What got in the way of the Grand Wagoneer? Shifting plans for and the need to pour money into Alfa Romeo. The debate about what kind of vehicle the Wagoneer should be — a unibody Range Rover rival, or a body-on-frame Chevrolet Suburban foe. After that, what should the thing look like? And then there's Fiat Chrysler's North American manufacturing capacity, which can't shoehorn space for Grand Wagoneer production at the same time as it needs lines running for two Ram 1500 model years. That last point is what could push Wagoneer and Grand Wagoneer arrival to 2021.
Outside the company, at least one Bank of America Merill Lynch analyst believes that economic forces such as a shrinking car market, more competition, higher interest rates on more expensive cars, lower used car prices, and higher gas prices will soon bring an end to the "Goldilocks" phase of crossover mania. He isn't alone, with an IHS analyst saying the same thing three years ago, another IHS analyst diving deeper into the declining numbers two years ago, and three other analysts breaking down depressed used car prices. Fuel prices are anyone's guess, but those other pressures could squeeze retailers trying to sell high-end metal.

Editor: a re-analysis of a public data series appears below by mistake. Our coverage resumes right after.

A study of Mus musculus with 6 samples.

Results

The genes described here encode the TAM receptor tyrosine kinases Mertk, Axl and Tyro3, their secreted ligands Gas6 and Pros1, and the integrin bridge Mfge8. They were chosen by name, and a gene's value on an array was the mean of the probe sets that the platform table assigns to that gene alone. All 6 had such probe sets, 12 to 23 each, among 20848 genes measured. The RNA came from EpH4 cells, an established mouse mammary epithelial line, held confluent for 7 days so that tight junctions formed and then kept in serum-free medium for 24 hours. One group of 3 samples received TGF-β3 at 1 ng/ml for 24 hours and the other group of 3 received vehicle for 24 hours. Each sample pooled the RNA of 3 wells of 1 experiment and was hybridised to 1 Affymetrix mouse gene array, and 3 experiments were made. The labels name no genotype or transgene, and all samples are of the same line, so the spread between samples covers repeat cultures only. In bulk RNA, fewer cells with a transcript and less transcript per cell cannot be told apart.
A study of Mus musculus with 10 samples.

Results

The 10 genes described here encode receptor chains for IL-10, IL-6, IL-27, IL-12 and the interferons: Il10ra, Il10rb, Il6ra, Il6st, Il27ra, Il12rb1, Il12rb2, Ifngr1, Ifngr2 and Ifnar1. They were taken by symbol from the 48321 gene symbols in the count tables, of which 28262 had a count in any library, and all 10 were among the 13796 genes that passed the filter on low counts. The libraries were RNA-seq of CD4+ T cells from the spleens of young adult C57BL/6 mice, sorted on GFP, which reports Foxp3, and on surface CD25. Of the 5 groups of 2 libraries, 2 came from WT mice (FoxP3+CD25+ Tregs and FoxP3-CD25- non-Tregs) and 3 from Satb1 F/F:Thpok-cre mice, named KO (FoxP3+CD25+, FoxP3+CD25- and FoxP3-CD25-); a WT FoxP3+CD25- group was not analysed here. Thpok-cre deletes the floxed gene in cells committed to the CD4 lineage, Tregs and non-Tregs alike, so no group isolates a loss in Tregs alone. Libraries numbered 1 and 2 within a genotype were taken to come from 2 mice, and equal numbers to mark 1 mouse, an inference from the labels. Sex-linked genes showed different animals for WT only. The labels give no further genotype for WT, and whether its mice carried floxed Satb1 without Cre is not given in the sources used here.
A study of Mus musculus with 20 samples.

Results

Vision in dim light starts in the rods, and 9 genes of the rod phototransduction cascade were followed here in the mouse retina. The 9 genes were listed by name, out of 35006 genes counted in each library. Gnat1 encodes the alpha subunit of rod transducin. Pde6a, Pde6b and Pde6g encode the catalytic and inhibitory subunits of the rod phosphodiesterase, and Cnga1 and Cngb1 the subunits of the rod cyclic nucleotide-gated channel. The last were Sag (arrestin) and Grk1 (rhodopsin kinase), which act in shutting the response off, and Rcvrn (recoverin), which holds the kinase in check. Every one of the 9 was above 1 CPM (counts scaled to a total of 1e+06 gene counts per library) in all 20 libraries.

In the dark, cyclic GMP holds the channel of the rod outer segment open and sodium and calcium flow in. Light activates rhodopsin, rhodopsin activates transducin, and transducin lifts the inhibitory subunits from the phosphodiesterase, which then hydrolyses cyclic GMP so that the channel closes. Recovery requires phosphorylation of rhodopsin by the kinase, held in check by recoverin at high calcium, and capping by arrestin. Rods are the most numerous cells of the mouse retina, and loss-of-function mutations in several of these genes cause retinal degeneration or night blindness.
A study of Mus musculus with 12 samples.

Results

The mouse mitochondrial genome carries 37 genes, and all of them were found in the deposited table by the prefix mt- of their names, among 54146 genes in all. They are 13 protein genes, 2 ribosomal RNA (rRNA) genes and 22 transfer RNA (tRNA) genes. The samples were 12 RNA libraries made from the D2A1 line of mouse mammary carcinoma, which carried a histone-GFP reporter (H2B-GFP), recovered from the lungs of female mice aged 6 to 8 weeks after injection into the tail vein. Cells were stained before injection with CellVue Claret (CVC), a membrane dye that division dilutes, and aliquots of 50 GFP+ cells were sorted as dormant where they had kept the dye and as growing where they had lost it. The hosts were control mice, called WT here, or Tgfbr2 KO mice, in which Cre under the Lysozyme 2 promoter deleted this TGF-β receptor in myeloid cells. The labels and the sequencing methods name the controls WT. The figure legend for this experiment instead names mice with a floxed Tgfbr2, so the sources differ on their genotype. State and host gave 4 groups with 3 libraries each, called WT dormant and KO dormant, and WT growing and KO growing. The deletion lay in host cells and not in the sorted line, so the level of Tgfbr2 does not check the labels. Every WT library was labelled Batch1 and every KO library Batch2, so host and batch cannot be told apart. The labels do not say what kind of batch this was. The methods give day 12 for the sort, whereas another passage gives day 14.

No one expects the Grand Wagoneer to fail, yet dealers don't expect the vehicle to practically sell itself. One dealer told AN, "We could have killed with [the Grand Wagoneer] if it had been available when they first told us about it, but it's a much tougher sell with interest rates and gas prices going up." Another dealer, perhaps more sanguine, said, "The Grand Wagoneer will still sell because it's a Jeep. But it would have been nice to have them already."
"Nice" is an understatement. One dealership was so excited about getting the new big Jeep that it wrote a blog post in 2015 announcing the Grand Wagoneer's arrival in 2018. Perhaps the fact that there are two Wagoneers on the way, a standard and a Grand version, plus a three-row Grand Cherokee, will bring all the boys to the yard come 2021, or whenever they show up.